Asmat Art Exhibited - University of St. Thomas






Rarely does art from university collections go on display in major museums. Sixty-nine objects from the American Museum of Asmat Art at St. Thomas are on display through Sunday, July 26, at the Minneapolis Institute of Arts in an exhibition, "Time and Tide: the Changing Art of the Asmat of New Guinea."

These impressive shields, drums, carvings and masks are in the U.S. Bank gallery on the MIAs second floor. Included in the exhibition are two tall ancestor poles: one of them towers near the ceiling at 16 feet! You also can see the 20-foot-long wuramon or soul ship, a treasure of our collection.

More than 8,000 miles away from Minnesota live the Asmat, a semi-nomadic people who inhabit the dense coastal rainforest of West Papua, Indonesia. Asmat art and artifacts including shields, spears and masks that the Crosiers collected in the last half century have found a new home at the University of St. Thomas in St. Paul. The Crosier Catholic fathers and brothers, who have been based in Minnesota since 1910, were among the first outsiders to enter the isolated Asmat region and have worked there since 1958. The Crosiers collected Asmat carvings, sculptures and artifacts to preserve them from extinction. They founded the American Museum of Asmat Art, and in 2007, donated the museums entire collection to St. Thomas.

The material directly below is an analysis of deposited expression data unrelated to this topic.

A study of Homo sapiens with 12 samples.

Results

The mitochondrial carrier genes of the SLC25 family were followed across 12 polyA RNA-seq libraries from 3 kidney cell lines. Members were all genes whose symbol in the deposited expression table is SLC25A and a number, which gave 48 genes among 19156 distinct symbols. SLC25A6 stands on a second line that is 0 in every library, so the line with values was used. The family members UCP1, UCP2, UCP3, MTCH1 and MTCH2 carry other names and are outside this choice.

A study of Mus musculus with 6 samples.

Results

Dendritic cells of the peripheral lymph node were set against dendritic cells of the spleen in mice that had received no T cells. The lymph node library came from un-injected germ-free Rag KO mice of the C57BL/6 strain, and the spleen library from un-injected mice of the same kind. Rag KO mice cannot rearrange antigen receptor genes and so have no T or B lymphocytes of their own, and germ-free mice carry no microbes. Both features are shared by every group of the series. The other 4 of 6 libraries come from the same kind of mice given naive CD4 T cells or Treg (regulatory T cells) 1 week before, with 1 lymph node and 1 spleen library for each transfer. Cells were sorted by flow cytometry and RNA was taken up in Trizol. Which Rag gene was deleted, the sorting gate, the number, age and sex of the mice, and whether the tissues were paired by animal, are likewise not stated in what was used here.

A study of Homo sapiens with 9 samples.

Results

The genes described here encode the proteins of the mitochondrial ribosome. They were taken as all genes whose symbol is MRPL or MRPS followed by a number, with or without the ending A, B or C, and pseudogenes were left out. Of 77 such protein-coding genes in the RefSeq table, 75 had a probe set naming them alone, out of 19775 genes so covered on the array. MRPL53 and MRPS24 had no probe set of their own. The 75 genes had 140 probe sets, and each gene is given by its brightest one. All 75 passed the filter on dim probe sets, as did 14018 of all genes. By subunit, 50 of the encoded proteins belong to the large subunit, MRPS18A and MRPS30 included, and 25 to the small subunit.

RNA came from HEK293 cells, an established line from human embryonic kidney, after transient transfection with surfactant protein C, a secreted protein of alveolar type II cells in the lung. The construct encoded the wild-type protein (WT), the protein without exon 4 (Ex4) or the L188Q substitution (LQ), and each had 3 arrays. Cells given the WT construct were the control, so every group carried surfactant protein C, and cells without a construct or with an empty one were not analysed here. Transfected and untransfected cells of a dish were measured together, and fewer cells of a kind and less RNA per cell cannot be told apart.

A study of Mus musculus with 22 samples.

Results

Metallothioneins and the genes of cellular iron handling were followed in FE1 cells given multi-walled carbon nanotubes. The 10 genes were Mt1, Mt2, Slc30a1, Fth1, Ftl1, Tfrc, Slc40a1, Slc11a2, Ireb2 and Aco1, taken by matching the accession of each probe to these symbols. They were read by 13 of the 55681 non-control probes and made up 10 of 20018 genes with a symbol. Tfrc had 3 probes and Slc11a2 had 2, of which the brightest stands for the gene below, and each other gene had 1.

Last summer, three Crosiers, who happen to call as many continents home, visited St. Thomas to see how our community is incorporating the new collection of Asmat art into its educational efforts. Our visitors were Crosier Master General Father Glen Lewandowski, who serves in Rome; Father Virgil Petermeier, who works with the Asmat in Agats, Papua, Indonesia; and Father Ed Greiwe, who serves at the Crosier priory in Onamia, Minn. All three appreciate the value of fostering awareness of Asmat culture because they have spent many years living in the Asmat region and advocating on behalf of the 70,000 Asmat people.